The right to bear firearms will be granted only on condition that character references are provided by two existing owners of firearms. Source: Alexei Malgavko / RIA Novosti.
From now on, citizens deemed a threat to society could have their weapons seized out of court. Amendments to Russia's Law on Weapons are to be submitted by members of the State Duma – the country’s lower house of parliament. The bill provides for tougher legislation on the issuance of firearms licenses, stipulates two mandatory character references for potential owners, and raises the legal age for ownership.
The initiative follows in the wake of last week's mass shooting, committed by 29-year-old lawyer Dmitry Vinogradov at the office the pharmaceutical company Rigla.
Alexander Ageyev, one of the authors of the bill and a member of the political party A Just Russia, told Izvestia that the amendments to the Law on Weapons are intended primarily to deprive potential offenders of firearms.
"Repeated statements by family members or neighbors' complaints about drunken brawls to the district police may now serve as grounds," he explained. "If it's not the first time it's been reported, or if the drunken quarrels and bad language have gone on for several days, then firearms will be impounded."
Furthermore, the bill stipulates regular psychological examinations for gun owners. Duma deputies also want to impose severe restrictions on the issuance of licenses. To begin with, licenses will be issued for six months, and thereafter for one year, three years, and five years. In addition, the minimum legal age for ownership of firearms will be 21 (or 25 for rifles).
"We adopted the Soviet model, when people had to apply for a weapons permit. They registered, underwent psychological checks, neighbors were interviewed, and the district police could check up any time," said Ageyev.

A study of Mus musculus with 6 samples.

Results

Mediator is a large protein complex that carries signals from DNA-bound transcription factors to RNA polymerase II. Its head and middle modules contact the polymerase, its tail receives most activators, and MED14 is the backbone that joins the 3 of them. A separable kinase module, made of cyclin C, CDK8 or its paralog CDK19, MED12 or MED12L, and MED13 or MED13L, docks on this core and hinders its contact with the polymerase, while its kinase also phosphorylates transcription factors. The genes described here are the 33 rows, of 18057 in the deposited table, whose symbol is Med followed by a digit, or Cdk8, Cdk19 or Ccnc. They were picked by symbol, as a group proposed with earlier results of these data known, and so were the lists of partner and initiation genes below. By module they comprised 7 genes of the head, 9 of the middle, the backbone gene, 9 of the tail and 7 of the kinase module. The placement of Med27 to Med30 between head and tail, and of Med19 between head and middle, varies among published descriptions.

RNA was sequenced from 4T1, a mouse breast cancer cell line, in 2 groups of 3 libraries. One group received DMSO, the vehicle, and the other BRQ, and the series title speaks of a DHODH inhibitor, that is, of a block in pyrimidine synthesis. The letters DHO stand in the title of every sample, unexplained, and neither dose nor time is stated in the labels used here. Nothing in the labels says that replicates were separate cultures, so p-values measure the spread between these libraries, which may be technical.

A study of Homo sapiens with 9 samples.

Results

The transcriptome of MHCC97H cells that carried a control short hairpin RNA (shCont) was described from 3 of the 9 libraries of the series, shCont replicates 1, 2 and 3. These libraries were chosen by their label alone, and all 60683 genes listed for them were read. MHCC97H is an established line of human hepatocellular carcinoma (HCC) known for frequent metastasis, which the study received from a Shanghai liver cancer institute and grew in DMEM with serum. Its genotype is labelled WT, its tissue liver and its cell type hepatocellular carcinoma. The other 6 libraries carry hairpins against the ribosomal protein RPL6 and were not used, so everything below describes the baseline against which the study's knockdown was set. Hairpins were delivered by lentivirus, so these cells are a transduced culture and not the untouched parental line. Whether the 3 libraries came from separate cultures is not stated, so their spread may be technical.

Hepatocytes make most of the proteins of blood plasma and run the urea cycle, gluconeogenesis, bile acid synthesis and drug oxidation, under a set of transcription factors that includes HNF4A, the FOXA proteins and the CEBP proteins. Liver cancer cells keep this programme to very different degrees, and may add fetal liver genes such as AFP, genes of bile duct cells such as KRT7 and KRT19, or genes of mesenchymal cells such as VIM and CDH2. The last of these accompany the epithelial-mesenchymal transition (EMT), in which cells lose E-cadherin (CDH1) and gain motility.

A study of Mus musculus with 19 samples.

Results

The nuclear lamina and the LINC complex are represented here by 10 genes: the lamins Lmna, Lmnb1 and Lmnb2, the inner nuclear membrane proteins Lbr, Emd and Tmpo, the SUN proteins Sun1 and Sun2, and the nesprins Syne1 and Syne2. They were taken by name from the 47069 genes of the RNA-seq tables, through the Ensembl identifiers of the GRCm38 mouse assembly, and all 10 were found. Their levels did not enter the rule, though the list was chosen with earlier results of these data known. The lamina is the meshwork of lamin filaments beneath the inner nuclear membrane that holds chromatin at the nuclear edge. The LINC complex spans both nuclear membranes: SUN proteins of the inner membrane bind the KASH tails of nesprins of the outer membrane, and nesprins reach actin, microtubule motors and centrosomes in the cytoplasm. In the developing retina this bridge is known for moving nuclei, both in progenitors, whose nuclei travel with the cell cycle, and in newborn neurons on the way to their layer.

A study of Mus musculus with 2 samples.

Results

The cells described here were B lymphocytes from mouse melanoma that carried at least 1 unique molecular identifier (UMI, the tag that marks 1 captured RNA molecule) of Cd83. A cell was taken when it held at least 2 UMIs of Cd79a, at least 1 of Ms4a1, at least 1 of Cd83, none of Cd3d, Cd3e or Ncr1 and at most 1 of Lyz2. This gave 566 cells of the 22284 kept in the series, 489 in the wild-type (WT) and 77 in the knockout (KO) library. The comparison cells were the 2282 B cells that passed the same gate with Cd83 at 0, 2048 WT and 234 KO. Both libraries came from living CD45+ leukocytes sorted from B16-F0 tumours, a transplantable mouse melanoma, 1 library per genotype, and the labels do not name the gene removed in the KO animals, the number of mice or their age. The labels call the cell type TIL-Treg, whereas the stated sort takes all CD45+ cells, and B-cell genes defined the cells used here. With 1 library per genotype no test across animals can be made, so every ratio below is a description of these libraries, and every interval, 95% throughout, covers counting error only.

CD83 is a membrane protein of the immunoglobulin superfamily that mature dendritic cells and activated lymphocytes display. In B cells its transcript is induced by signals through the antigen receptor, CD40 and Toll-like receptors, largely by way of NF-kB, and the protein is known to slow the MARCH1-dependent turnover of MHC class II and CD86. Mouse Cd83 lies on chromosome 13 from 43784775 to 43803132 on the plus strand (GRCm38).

In addition, the right to bear firearms will be granted only on condition that character references are provided by two existing owners of firearms. These guarantors should possess a license for the same type of weapon as the applicant. Moreover, if the latter is subsequently convicted of an offense, the guarantors will also be stripped of their licenses.
"Guarantors must be 100 percent sure that the applicant is not aggressive or dangerous, and in full control of himself," Ageyev said.
Another sponsor of the bill, Mikhail Serdyuk, is convinced that the problem will not be solved by amendments alone. His intention is to begin work on a new draft of the Law on Weapons.
"The law in its present form is very weak," said Serdyuk. "It’s full of holes and contains mostly references to various police regulations and orders. We propose to make wholesale amendments to the law and develop an organically integral document."
Maria Butina, chairperson of the NGO Right to Arms, is critical of the idea of out-of-court seizure of licenses, but considers it appropriate and necessary that they be suspended in cases where the public is at risk.
"A suspension could have prevented the recent incident with Vinogradov. His mother could have written a statement about her son's mental state, and his license would have been suspended before the matter was duly investigated," Butina said.
However, in her opinion, the final decision should rest with the court. Otherwise, the license withdrawal procedure could be open to corruption.
Butina also supports the proposal for mandatory guarantors, but considers the condition that they own the same type of weapon to be an unnecessary obstacle.
Meanwhile, she is categorically opposed to raising the age limit.
"The government issues 18-year-olds with machine guns and sends them to hot spots to defend their homeland. But now they want to stop them from protecting their homes and families. There should be no double standards," said Butina.
After the massacre carried out by Vinogradov at the Moscow office of the pharmacy chain Rigla, calls to tighten control over the circulation of weapons also came from Russia's Interior Ministry. The ministry proposed that the president empower police to seize weapons and revoke licenses, prohibit private security guards from using personal weapons, and ban the sale of ammunition and parts to unlicensed buyers.
The shooting on Nov. 7 provoked a major stir. Armed with a Vepr-12 smoothbore carbine and an Italian-made Benelli, Vinogradov came to work and shot his colleagues, killing six of them. Before carrying out the deed, the lawyer posted a manifesto of contempt for humankind on his VKontakte social network page.
Presently, any citizen of Russia who is 18 years of age or older and in sound mental health, with no medical complaints, is able to obtain a license to own smoothbore firearms. The license may be for hunting purposes, in which case he or she must join a hunting club and obtain proper certification. The license may also be for self-defense, whereupon the weapon must be stored at home and never carried on the person.
First published in Russian in Izvestia.